By John Walton     Filed under: British Airways, Airbus A380, Boeing 787

British Airways has scotched hopes of an all-new Club World business class seat for its new Airbus A380 and Boeing 787 aircraft.

However, a BA spokesperson told Australian Business Traveller that the airline would roll out "an evolution of the current seat", which is fully flat in a forwards-backwards configuration.

Detailed work on the redesign is currently underway at BA HQ.

BA has a dozen Airbus A380s on order for delivery beginning in 2013, with the superjumbos slated for flights to Singapore, Hong Kong, Beijing and New York.

The Boeing 787 Dreamliner order stands at eight of the standard 787-8 model and 16 of the stretched 787-9.

The first 787s are intended to open up new direct flights to Asia, providing a useful oneworld connection for Qantas passengers even after the full joint venture partnership with BA ends in April 2013.

BA recently carried out minor upgrades to Club World on its newest Boeing 777-300ER planes, upgrading the entertainment systems and making the seats a little more sturdy.

If "evolution" sounds a little disheartening, don't despair -- it's not nearly as bad as "enhancement"!

Qantas upgraded its first-generation angled lie-flat Skybeds to the much improved fully flat version you see on Qantas' A380 and revamped Boeing 747s today.

And BA challenger Virgin Atlantic also recently "evolved" its Upper Class business class into a new Dream Suite, which we reviewed earlier this year. Both were good news for business travellers.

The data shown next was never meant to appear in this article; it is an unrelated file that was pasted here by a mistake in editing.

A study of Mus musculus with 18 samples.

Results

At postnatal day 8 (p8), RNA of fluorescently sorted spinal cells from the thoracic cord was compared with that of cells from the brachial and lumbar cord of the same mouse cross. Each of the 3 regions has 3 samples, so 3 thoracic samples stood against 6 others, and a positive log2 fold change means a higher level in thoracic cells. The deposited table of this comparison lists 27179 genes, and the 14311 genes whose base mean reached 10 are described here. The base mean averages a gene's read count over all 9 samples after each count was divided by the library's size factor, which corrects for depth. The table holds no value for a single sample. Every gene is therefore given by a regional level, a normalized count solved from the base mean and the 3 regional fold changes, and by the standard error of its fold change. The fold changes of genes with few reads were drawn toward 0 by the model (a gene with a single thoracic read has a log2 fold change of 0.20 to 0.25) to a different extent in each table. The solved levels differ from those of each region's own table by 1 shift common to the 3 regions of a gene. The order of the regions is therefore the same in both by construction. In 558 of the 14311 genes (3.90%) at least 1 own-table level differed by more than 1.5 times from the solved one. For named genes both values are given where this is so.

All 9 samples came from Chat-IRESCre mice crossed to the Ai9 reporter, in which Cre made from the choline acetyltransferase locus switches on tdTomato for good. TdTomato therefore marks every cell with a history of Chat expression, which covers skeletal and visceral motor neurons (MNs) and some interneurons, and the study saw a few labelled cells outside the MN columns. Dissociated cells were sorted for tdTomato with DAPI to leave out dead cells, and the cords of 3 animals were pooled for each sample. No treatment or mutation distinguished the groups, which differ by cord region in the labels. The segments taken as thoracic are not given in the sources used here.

Overall, we rate the existing seats on the Boeing 747 British Airways flies from Sydney to London less comfortable than Qantas' A380, but still superior to any of the angled lie-flat seats that many other airlines use.

For more on the latest trends in travel, aimed squarely at the business traveller, follow us on Twitter: we're @AusBT.


Aviation journalist and travel columnist John took his first long-haul flight when he was eight weeks old and hasn't looked back since. Well, except when facing rearwards in business class.

 

Have something to say? Post a comment now!

1 on 13/9/12 by JBH

Good news. Look fwd to the new BA A380 coming into service SIN-LHR next year. IMHO I alway thought the BA J product was better, it's been fully flat for a lot longer than others for a start.  Any idea of the BA's planned seat config for their A380's?

2 on 13/9/12 by AusFlyer

BA's J product  is awful so it's a real shame that they are not taking the opportunity to completely renew it with something fresh. 

3 on 14/9/12 by Longreach

With BA's seats it depends entirely which aeroplane, which deck and which seat you get. Their 747-400s have some really excellent seats upstairs.

4 on 15/9/12 by moa999

I thought that for the 787 Boeing was restricting the airlines to a limited choice of seat manufacturers and standard off-the-shelf designs with limited customisations (to make certification simpler)

Given (AFAIK) BA is the only one using a forward-back configuration, isnt this a specific customer design (much like the QF Skybeds)

1 on 18/9/12 by watson374

I believe they are encouraged to shop off the shelf, but I'm fairly sure airlines can put their own seats in - it's just a lengthier process.

2 on 18/9/12 by John

As I understand it, Boeing has restricted the number of seats you can install on the line as the plane's constructed. Of course, BA has its own facilities to install others.

For example, if memory serves, BA's new 777-300ERs are delivered with economy and premium economy "pre-installed", and the planes then head over to the UK to have business and first put in.

5 on 17/9/12 by Peggy

I've always loved the BA 747 Upper Deck Business Seats.  I am a window seat traveller and BA was the first (to my knowledge) to introduce a seat where I didn't have to crawl over my seatmate in the middle of the night.

I stopped travelling on BA when they consistently refused to issue a seat assignment until 24-hours before flight time, which meant I was often downstairs in a centre row, all the good seats having been allocated to tix booked on BA, not OneWorld.